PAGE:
Reliably Detecting Nuclear Weapons in Transit



Devabhaktuni Srikrishna,
Thomas A. Tisch,
Narasimha Chari,

Date and Time

January 30, 2008 12:00 PM - 1:30 PM


Open to the public.

No RSVP required


Reuben W. Hills Conference Room

FSI Contact

Justin C. Liszanckie

We examine two interrelated questions. How and where do we need to deploy nuclear detection portals in the real world? On the basis of which physical techniques should we design the technology to use in these portals? Today's national initiatives like the 9/11 Commission Act for scanning 100% of cargo at foreign ports of origin may be useful for interception of smuggled materials that are already assumed to be in transit -- by simply creating a roadblock for smuggling on high traffic routes, this does not get us any closer to dissuading adversaries from attacking by other means. Today's programs ignore the options (loopholes) within reach of the adversary that use alternative routes or countermeasures the attacker can employ against the detection technology. Loopholes can come as technical countermeasures usable against today's technology like passive gamma detection (shielding, fractionation) or against future technology like cosmic muon detection (dispersion, spreading). Loopholes may also be present in the form of transportation pathways not secured by any detection technology (private jets, sailboats, luxury cruise ships, and so on). In this talk, we discuss transportation loopholes and technical countermeasures in planned US initiatives using drive-thru nuclear detection portals for intercepting uranium. In addition to well-known countermeasures like shielding, we identify a novel countermeasure to cosmic muon detection based on horizontal spreading or dispersion. We show how to integrate passive gamma, neutron, muon, and active neutron detection techniques to make reliable detection portals (RDPs) invulnerable to simple countermeasures. We show where RDPs would need to be deployed around metropolitan areas and military bases to complement the national border, quantify how many RDPs would be required based on traffic flows, and define RDP specifications.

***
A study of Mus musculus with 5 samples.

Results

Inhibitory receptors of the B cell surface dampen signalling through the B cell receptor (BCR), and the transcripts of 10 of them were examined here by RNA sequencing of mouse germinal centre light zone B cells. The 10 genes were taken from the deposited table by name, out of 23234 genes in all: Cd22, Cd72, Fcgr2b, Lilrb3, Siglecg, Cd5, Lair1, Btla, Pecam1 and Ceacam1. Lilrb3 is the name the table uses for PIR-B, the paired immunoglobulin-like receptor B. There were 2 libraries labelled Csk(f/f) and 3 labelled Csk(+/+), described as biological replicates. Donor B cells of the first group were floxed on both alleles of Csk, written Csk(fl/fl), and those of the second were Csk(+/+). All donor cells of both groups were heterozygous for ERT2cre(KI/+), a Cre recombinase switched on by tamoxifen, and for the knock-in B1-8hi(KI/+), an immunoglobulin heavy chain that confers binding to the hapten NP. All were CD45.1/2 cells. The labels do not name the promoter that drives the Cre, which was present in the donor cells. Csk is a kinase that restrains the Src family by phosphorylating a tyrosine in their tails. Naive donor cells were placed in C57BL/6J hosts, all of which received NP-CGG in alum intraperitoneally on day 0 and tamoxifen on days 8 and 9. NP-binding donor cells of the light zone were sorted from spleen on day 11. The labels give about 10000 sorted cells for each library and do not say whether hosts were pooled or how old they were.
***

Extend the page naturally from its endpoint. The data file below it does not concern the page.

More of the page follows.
Devabhaktuni Srikrishna
’s publications and patents have spanned quantum computing, parallel computing, wireless data communications, and nuclear detection. He holds a BS in Mathematics from the California Institute of Technology and an MS in Electrical Engineering and Computer Science from the Massachusetts Institute of Technology. He was formerly Chief Technology Officer and a Founder of Tropos Networks (2000-2007). Tropos develops and manufactures wireless mesh routers for creating Wi-Fi service across metro areas currently operating in over 500 cities worldwide.

Thomas A. Tisch is a private high tech investor with operating and venture capital experience. In his career, he served as a partner at Portola Venture Fund, an initial investor in 3Com, and Software Publishing Corp and later at MBW Management where his investments included Netrix, Stratacom and Stac Electronics. Among operating roles, he was I instrumental in Etrade pioneering Internet brokerage as Vice President of Trade*Plus as it was known then. Mr. Tisch holds a BS in Engineering from the California Institute of Technology (1961), an MS EE from Stanford University and an MBA from the Stanford Graduate School of Business.

Narasimha Chari is the Founder and Chief Architect of Tropos Networks where he has been responsible for developing Tropos Networks' core intellectual property, including the design and development of the company's wireless networking and routing protocols. Among other honors, Mr. Chari was recognized by MIT Technology Review magazine in 2005 as one of the Top 35 Innovators under the age of 35. He has performed research, published papers and disclosed patents in a variety of areas of mathematics, physics, wireless networking and nuclear detection. Mr. Chari holds a BS in Mathematics and Economics from the California Institute of Technology and an AM in Physics from Harvard University.